Mis à jour : janv. 4
The extraordinary year 2020 has certainly shaken the world economy, and cybersecurity has not been sheltered by any means. What effects occurred of the pandemic? Are SMEs better or worse protected against cybercrime ?
Effect #1: the explosion of remote work
Security of infrastructures has been massively challenged by this. Many companies did not start from scratch, as remote work has been an increasing trend for several years now. However the need to move nearly every worker out of the offices has been a challenge for many, and for some smaller companies it also meant moving server locations, when they lost access to rented premises.
Without executing these changes, companies could not function anymore, so there was no other option but use new services, such as remote access and cloud facilities.
A first wave of awareness of insecurity hit SMEs when they realised that the tools and infrastructure they had quickly moved to were not as secure as it should be.
Effect #2: the explosion of phishing
A second wave of awareness of insecurity then hit when phishing emails started arriving at a pace never encountered before, because hackers know their tactics work best in a context of instability and stress : humans have lost some of their landmark guides, lower their guard and accept for genuine many messages they would otherwise consider fake.
Effect #3: attacked where it hurts most
Finally, a third effect increasing the understanding of risks was the result of attacks on hospitals. These were widely relayed in the press, and everyone realised the cyber crime industry was not a marginal phenomenon lead by a few individuals that would pity the state of our health systems, but a real underground economy with no limits and no remorse. At the very end of 2020, attacks again impacted pharmaceutical industry involved in the research for vaccines, and even vaccination centers even though vaccination campaigns are only just starting.
As a consequence of these 3 effects above, we believe 2020 and the pandemic have therefore resulted in a significant increase in the awareness of cyber risks.
Effect #4: balancing privacy with public health
In parallel, privacy was also challenged by these times of national emergency in all nations. Compromises were made, even sometimes with the recommandation by CNIL or other European control agencies arbitrating global priorities: times were not about respecting privacy to the utmost level, but to do all we could to save lives. We all read about the difficulties met by the track and trace applications, in France and in the UK, to name only 2 countries.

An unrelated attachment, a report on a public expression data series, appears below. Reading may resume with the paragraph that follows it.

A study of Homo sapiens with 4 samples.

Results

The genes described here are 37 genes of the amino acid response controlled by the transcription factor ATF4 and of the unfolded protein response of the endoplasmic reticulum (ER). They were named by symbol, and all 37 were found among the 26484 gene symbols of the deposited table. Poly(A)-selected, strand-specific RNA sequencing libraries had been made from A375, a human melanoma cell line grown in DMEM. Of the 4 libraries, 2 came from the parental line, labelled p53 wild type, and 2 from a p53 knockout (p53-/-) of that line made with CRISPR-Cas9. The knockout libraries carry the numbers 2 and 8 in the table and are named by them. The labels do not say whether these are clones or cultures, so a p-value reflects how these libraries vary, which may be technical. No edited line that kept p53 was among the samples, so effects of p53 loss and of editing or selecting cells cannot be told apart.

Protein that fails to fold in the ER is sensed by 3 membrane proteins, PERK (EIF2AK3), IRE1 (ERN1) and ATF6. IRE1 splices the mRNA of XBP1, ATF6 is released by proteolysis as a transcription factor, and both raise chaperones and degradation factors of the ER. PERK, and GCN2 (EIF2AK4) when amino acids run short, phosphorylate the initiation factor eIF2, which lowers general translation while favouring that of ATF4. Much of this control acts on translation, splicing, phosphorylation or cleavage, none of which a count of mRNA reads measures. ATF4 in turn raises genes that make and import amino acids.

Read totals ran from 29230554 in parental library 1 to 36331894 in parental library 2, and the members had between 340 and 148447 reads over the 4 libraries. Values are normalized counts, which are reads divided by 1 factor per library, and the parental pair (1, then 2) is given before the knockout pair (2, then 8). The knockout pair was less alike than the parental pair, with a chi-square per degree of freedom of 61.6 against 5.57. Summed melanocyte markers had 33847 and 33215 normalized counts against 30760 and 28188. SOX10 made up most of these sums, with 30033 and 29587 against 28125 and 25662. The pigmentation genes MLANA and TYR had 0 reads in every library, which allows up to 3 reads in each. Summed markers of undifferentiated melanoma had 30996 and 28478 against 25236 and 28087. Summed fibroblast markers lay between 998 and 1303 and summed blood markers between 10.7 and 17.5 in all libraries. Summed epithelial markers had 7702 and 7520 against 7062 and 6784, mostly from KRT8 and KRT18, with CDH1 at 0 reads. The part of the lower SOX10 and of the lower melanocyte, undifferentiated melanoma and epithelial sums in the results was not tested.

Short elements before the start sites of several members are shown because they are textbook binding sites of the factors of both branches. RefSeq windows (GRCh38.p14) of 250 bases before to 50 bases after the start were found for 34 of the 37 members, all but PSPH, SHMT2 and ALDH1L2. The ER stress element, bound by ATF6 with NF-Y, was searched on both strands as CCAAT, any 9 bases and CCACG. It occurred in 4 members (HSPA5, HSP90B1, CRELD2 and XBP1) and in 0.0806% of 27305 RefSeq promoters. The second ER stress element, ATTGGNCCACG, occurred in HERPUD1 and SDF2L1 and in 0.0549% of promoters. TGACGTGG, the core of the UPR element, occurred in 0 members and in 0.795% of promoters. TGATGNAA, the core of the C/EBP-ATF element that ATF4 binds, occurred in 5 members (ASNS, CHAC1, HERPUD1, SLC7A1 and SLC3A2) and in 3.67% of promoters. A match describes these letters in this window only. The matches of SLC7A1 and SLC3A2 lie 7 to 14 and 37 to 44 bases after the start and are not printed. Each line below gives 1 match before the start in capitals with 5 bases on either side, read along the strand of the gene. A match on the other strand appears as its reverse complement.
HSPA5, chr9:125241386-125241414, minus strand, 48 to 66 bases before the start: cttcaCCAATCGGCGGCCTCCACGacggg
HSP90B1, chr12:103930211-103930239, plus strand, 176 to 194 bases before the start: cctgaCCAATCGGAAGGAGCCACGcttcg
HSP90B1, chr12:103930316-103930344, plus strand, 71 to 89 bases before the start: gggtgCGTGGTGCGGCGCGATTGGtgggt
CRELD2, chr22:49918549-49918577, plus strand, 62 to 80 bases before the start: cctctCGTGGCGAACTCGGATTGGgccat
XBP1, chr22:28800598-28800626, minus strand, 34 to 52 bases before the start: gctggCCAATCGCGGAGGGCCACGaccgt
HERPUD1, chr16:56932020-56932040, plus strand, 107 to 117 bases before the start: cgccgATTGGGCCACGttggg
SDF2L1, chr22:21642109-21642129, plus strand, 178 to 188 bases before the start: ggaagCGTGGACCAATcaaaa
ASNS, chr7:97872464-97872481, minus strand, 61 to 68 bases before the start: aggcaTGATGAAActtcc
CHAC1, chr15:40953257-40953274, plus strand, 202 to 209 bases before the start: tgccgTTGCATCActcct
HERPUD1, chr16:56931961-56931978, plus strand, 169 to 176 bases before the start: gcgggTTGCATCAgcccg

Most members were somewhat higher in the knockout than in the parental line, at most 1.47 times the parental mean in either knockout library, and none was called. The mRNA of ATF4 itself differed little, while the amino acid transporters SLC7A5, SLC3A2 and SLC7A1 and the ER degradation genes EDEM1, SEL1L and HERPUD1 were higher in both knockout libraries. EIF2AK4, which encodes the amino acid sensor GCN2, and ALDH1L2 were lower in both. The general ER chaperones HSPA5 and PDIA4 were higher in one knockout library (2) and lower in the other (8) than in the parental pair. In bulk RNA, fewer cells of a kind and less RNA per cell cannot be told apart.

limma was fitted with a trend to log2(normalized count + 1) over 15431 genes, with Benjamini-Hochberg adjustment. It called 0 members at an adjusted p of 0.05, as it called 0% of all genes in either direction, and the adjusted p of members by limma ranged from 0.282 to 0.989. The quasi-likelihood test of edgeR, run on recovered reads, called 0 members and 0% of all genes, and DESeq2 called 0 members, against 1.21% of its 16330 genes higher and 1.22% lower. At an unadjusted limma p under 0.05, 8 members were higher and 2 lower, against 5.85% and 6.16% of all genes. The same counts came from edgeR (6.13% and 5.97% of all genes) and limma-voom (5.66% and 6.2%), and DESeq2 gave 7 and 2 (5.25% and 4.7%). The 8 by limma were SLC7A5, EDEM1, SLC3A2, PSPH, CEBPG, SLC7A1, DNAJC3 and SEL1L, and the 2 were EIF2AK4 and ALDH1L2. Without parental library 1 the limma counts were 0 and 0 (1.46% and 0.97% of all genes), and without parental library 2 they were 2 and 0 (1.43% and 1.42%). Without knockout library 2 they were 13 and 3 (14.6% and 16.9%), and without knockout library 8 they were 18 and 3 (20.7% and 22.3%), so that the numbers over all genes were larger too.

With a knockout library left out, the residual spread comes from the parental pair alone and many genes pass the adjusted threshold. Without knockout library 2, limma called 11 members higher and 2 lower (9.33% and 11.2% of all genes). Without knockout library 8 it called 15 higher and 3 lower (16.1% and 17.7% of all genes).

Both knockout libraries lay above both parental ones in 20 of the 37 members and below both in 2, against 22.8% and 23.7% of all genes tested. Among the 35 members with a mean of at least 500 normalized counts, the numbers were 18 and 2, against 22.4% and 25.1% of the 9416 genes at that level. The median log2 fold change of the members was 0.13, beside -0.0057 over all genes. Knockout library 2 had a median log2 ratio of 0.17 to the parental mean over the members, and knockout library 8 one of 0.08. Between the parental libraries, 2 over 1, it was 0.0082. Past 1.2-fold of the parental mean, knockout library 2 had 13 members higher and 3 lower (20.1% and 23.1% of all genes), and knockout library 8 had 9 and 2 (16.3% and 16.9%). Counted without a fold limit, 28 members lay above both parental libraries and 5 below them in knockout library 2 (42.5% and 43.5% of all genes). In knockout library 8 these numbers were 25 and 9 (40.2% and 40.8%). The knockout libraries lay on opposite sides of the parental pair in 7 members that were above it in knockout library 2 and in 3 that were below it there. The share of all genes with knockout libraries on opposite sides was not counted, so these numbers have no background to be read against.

This showed that current technology still lacks the built-in capability to easily reconcile privacy preservation and personal data processing, or at least to obtain the trust of individuals that it can actually do so.
Effect #5: the weakening of budgets
Now let’s take a step back and remember these 4 effects above took place in times of urgency, i.e. under time pressure, but also with a general realisation that a profound economical crisis would not be avoided, with no possibility to predict how long it would last.
Do you think that SMEs that has postponed IT security projects, for months or sometimes years, would, in these circumstances of urgency and in the context of saving as much cash as possible in anticipation of a potentially very long period of challenging business conjecture, suddenly decided to fund projects for the security of infrastructures?
Obviously the vast majority of SMEs downgraded even more the priority of security projects.
CyberSecura had decided not to aggressively prospect SMEs to secure their newly challenged infrastructure, being reluctant to exploit this medical and economical disaster, and not solid enough to offer to do it for free. We however stayed visible and worked on securing infrastructures of existing customers and responding to all inbound sollicitations.
However, these sollicitations were rare : the worries of SMEs were about saving cash, bracing for months of hardship to come. Several contracts we were close to conclude with strong SMEs, even ones installed with a dominant position for many years, were, on the contrary, cancelled and postponed to an unknown horizon, still to be reached.
Conclusion: GAIN of protection or increase of exposure ?
Far from any pretension of exhaustivity, I tried to summarise here the 5 effects of the pandemic in 2020 on the domain of security and privacy for European SMEs, from the point of view of a specialist service provider such as CyberSecura.
In order to enhance the security of digital practices by companies and individuals, thereby securing the overall digital economy, 2 major steps are to be taken :
Step 1- Increase the awareness of enterprises and individuals, to the general status of cyber crimes and to the actual risks faced by them and their businesses.
Step 2- Increase the numbers of actions taken by companies and any business stakeholders to enhance the security of businesses and ventures.
The 4 first effects listed above are in the right direction for Step 1. However effect #5 has decreased even more the likelihood of Step 2 occurring, cancelling out the positive effects on Step 1.
As we enter 2021 and vaccination campaigns start, we now hope that the gain of awareness, combined with the rebound of the economy to come, will mean an increase of security projects within the next few months.
We hope global disasters such as Covid-19 will not be recurring in the future, however business stakeholders must realise that contexts of emergency and times of economical hardship always include a rise in cyber risks that cannot be controlled without proper preparation.
Anticipation is the key to enhance the security of all businesses in crisis situation.